Wikileaks, not surprisingly, turned up some not-so-diplomatic and not-so-scientific goings-on in the political race to steer power and dollars.
The US diplomatic cables reveal how the US seeks dirt on nations opposed to its approach to tackling global warming; how financial and other aid is used by countries to gain political backing; how distrust, broken promises and creative accounting dog negotiations; and how the US mounted a secret global diplomatic offensive to overwhelm opposition to the controversial “Copenhagen accord“, the unofficial document that emerged from the ruins of the Copenhagen climate change summit in 2009.
Negotiating a climate treaty is a high-stakes game, not just because of the danger warming poses to civilisation but also because re-engineering the global economy to a low-carbon model will see the flow of billions of dollars redirected.
The wrangling behind the scenes involve the usual offerings of pork-barreling type funding for piddling little projects — like $50 million dollar projects in the Maldives, or $30 million in aid for Bolivia — to win support for the weak non-binding Copenhagen Accord, which suited the US. Thus the $2 trillion market was being made and unmade by votes bought with the spare change from carbon trades during morning tea.
Even the Saudis were asking for a handout:
Perhaps the most audacious appeal for funds revealed in the cables is from Saudi Arabia, the world’s second biggest oil producer and one of the 25 richest countries in the world. A secret cable sent on 12 February records a meeting between US embassy officials and lead climate change negotiator Mohammad al-Sabban. “The kingdom will need time to diversify its economy away from petroleum, [Sabban] said, noting a US commitment to help Saudi Arabia with its economic diversification efforts would ‘take the pressure off climate change negotiations‘.”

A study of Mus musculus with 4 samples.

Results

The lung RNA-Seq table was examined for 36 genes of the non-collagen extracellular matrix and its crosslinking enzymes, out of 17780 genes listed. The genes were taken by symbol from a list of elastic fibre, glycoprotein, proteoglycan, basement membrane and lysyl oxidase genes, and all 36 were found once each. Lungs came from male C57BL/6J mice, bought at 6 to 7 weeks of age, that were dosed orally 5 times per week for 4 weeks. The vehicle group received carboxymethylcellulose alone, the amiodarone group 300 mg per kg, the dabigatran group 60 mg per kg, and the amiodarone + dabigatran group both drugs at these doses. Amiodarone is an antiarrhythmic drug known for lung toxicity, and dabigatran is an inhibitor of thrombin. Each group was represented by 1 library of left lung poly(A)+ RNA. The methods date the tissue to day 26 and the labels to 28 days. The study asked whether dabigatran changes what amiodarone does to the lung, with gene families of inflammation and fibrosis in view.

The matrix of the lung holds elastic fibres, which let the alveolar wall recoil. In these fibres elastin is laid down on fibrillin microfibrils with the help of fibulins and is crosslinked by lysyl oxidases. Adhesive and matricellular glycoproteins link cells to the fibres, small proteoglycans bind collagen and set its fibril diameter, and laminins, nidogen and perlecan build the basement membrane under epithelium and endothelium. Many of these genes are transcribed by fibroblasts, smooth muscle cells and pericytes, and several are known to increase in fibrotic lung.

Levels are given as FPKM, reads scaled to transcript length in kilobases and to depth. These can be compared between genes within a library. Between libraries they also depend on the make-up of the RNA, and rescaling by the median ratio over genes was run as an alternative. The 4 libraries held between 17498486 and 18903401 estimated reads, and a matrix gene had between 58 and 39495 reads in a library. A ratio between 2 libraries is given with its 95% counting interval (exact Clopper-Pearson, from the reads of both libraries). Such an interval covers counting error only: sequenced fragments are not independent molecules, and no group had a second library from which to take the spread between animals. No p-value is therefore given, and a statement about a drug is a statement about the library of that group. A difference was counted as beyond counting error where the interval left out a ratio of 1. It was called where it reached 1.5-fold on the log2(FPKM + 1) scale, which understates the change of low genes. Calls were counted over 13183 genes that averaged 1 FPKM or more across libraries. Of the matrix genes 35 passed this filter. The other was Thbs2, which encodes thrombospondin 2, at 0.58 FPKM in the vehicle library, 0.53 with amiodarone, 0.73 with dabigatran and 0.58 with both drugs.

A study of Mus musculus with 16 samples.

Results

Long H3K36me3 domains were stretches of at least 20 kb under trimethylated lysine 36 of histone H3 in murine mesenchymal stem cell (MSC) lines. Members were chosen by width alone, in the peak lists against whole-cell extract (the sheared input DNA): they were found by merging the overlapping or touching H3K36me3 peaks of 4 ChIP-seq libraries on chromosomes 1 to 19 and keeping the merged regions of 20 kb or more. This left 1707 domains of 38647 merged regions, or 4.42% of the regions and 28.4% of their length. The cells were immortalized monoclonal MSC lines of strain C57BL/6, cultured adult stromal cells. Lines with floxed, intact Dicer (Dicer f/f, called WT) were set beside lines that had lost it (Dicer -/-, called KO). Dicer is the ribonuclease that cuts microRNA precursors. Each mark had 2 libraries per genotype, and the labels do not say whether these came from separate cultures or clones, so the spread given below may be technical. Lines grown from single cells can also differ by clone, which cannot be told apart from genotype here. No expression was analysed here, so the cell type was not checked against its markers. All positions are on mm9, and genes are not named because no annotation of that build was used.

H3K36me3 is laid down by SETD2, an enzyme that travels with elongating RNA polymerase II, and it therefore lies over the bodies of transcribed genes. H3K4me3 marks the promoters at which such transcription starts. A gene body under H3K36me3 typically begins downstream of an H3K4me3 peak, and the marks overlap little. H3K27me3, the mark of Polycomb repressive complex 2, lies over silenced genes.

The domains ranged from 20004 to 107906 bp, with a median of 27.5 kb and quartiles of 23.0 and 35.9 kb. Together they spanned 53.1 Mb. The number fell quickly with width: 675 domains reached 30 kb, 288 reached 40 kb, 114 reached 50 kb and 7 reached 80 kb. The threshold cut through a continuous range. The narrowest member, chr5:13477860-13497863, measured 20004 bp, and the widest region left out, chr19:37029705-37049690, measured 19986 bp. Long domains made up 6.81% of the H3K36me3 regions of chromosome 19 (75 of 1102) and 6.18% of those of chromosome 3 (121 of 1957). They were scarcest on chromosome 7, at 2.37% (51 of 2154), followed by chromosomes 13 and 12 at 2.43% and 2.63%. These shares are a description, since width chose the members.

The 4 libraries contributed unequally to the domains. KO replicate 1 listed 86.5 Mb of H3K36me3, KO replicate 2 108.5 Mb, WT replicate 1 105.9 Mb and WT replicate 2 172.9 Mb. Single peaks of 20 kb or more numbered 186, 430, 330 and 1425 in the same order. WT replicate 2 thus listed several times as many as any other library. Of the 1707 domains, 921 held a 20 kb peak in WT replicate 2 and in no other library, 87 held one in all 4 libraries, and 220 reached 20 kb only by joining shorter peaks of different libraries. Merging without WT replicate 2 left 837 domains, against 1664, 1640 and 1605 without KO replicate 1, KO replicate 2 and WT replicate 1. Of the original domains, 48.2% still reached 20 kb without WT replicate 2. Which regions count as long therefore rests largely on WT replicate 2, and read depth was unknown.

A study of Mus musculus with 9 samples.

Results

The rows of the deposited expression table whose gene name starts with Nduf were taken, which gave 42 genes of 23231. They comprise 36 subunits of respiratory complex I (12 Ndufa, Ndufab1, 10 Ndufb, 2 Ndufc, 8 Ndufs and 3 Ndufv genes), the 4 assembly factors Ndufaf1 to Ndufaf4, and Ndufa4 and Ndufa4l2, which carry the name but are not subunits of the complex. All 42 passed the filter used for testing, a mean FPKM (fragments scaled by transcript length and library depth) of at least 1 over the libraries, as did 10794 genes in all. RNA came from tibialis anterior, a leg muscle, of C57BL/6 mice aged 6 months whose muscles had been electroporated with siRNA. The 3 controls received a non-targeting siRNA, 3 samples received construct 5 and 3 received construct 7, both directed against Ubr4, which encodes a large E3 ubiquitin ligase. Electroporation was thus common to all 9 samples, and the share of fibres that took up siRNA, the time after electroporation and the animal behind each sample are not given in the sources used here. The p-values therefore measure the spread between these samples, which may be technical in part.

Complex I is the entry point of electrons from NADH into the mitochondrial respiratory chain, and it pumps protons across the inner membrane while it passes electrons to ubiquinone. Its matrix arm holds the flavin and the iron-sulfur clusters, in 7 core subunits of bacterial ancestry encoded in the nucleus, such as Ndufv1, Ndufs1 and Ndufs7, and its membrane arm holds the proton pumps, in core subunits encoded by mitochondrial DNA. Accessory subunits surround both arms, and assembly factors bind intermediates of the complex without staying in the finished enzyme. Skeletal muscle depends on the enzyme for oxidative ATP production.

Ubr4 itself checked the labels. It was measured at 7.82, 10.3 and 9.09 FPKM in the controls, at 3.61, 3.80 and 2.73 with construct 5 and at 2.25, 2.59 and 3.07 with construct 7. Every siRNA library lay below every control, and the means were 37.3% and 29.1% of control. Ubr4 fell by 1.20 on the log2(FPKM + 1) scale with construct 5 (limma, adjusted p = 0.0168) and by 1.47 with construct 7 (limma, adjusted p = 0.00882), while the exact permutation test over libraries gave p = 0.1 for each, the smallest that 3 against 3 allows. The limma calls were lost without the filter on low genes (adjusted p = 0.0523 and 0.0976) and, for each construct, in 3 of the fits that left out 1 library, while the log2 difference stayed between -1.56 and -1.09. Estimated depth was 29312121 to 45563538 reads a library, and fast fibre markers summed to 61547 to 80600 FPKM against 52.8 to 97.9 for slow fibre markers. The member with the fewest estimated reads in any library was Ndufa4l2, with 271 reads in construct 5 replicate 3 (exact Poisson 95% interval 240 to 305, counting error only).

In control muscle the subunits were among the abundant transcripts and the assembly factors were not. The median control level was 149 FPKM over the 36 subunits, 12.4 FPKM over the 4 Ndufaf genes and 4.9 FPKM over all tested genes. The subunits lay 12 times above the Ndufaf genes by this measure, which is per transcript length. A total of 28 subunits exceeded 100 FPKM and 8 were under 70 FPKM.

The Saudi’s were worried they might have missed the gravy train:
The assistant petroleum minister Prince Abdulaziz bin Salman told US officials that he had told his minister Ali al-Naimi that Saudi Arabia had “missed a real opportunity to submit ‘something clever’, like India or China, that was not legally binding but indicated some goodwill towards the process without compromising key economic interests”.
In the end, it’s mostly what we all suspected anyway. Call me a cynic, but did anyone believe that atmospheric research really affected the political decisions?
The political wheeling and dealing behind the scenes is where the big moves occur:
The cables obtained by WikiLeaks finish at the end of February 2010. Today, 116 countries have associated themselves with the accord. Another 26 say they intend to associate. That total, of 140, is at the upper end of a 100-150 country target revealed by Pershing in his meeting with Hedegaard on 11 February.
The wikileaks material shows again that voting at these COP meetings is nothing to do with the science put forward in the IPCC reports (which in turn are not based on the scientific method, or what wide body of the worlds scientists actually said anyway).
It all merely proves that the best protection for the people of Planet Earth is to have many competing democratic governments, none of which can gain too much power over many of the others. The UN process of mock democracy plays a dangerous game, where buying off single officials in tin-pot countries is a cheaper form of pork barrelling than the domestic politics of large Western election campaigns.
More sordid details are exposed in The Guardian:
Embassy dispatches show America used spying, threats, and promises of aid to get support for a Copenhagen accord.
WikiLeaks cables show US admiration for how emerging economies work together to achieve common short-term goals.
Herman van Rompuy dismisses the Copenhagen climate summit as ‘incredible disaster’ and expects Cancún to be no better.
The third article implies this all could be just another incarnation of the long silent trading war going on for power between the EU and the USA.